Bank Clampdown Dims Allure of Scandal-Hit Baltic HavenBy
Stricter rules in Latvia shrink non-resident cash holdings
Ordinary account holders also under vastly increased scrutiny
Many Latvians got a shock this summer when they were informed their bank accounts risked being blocked if they didn’t hand over details of their citizenship, financial plans and any ties to high-level politics.
Demands to fill out online questionnaires were dispatched by lenders at the behest of financial regulators, who’ve been battling the Baltic nation’s reputation as a shelter for illicit cash. The crackdown is changing the face of Latvian banking, which flourished as the Soviet Union crumbled and has long been a magnet for wealthy clients.
Having spent years sucking up money from the ex-communist region, inflows have begun to reverse as regulators tightened rules, doled out record fines and, in one case, shut down a lender over money-laundering allegations. Non-resident deposits, which eclipsed domestic savings for four years, are on the wane, now representing less than half the total.
“This is the next chapter in Latvian banking,” said William Schaub, a lecturer in risk management at Riga Business School who’s previously held senior roles at GE Money Bank in the Baltic country’s capital and Merrill Lynch in the U.S. “It’s important Latvia adapts and continues to export financial services.”
It also follows a string of scandals. Latvian banks have been accused of handling some of the $1 billion stolen in 2015 from Moldova’s financial system, helping shift as much as $20 billion in illicit cash from Russia between 2010 and 2014 and facilitating bribes by a Scandinavian telecommunications company.
The International Monetary Fund has also warned against allowing an over-reliance on non-resident cash, which can be volatile, particularly during periods of market stress. Latvia’s financial-services market is dominated by Nordic lenders such as Swedbank AB and SEB AB, which don’t focus on non-resident business. Nordea Bank AB and DNB ASA agreed last month to combine their operations in Latvia, Lithuania and Estonia.
After criticism from the U.S. and the Organization for Economic Cooperation and Development on client vetting, regulators have acted. The Financial and Capital Market Commission has hired more staff, tightened reporting standards, handed out unprecedented fines and made banks focused on non-resident business undergo a compliance audit by two U.S.-based firms at their own expense.
There have been casualties. Trasta Kommercbanka AS, implicated in the $20 billion scheme, was shut down in March, though it denies wrongdoing. Privatbank AS’s Latvian unit was hit in December with a record 2 million-euro ($2.2 million) fine for handling money from the Moldovan fraud.
The two biggest non-resident banks have both reported deposit outflows. ABLV Bank AS recorded a 14.3 percent plunge in deposits the first half of 2016, citing changes in its model for servicing foreign clients. Rietumu Banka AS notched a 10 percent decline in that period. Both declined to comment beyond their accounting reports.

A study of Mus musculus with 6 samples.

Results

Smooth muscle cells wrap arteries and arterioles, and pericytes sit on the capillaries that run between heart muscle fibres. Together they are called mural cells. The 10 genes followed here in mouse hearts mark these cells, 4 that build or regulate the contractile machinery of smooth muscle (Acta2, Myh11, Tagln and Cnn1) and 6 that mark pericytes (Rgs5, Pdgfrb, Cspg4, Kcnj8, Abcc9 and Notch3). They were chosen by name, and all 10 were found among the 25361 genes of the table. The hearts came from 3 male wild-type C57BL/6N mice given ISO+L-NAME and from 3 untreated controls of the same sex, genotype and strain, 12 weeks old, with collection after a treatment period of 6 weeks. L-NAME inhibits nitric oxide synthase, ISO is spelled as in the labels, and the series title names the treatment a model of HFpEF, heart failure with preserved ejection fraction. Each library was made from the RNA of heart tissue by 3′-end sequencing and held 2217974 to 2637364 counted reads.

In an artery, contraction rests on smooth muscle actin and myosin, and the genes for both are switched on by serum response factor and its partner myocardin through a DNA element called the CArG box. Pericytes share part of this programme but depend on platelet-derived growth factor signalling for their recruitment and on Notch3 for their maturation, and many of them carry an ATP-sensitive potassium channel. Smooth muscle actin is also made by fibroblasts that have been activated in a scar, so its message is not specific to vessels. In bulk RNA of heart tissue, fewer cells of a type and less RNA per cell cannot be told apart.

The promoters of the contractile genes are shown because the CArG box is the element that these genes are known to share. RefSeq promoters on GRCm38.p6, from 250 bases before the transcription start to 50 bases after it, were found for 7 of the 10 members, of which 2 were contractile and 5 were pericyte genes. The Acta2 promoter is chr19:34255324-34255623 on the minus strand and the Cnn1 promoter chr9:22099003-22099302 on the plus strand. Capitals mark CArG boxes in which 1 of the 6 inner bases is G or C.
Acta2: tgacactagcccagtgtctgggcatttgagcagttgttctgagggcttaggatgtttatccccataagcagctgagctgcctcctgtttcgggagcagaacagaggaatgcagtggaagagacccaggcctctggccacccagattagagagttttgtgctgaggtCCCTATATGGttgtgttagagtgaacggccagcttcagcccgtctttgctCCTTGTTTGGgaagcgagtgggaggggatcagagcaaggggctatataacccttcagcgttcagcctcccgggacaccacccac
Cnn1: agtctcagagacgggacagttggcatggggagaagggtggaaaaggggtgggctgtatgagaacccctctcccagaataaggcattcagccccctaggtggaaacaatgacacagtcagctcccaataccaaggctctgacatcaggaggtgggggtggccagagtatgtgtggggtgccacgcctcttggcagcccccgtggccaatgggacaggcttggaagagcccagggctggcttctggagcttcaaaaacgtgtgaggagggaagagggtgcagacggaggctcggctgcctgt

Compounding matters is reduced access to U.S. dollar correspondent accounts, used for global transfers, as multinational banks grapple with demands for higher capital, falling profitability and tighter regulations. Deutsche Bank AG is preparing to close dollar accounts with some Latvian lenders, according to people familiar with the decision.
While the regulator acknowledges a shift is taking place, it’s not all down to the stricter regulatory environment, according to spokeswoman Ieva Upleja.
“Stricter anti-money laundering demands require banks to review their client base,” Upleja said by e-mail. But she also cited fallout from U.S. financial sanctions against Russia, and the effect of a weaker dollar, the currency in which about two-thirds of foreign deposits are held. Aggregate account data are reported in euros.
And the measures have been welcomed by the U.S. Vice President Joe Biden, visiting Riga as part of an August trip to Europe, highlighted “the progress Latvia has made in tightening regulation of its banking sector and cracking down on money laundering.”
Even so, the new environment is prompting changes at lenders unaccustomed to the rigorous checks and balances now sought.
Banks have declined to work with some “customers whose service may be connected with disproportionate risks,” Baiba Melnace, a spokeswoman for the Latvian Association of Commercial Banks, said by e-mail. They’ll “continue to carefully evaluate their customer base, as well as changes in the business model.”
Peters Putnins, Latvia’s chief financial regulator, put it more strongly.
“It will never again be how it once was,” he told the Neatkariga Rita Avize newspaper. “A few banks’ actions can really create undeserved difficulties for others, and can harm the state’s reputation and prestige.”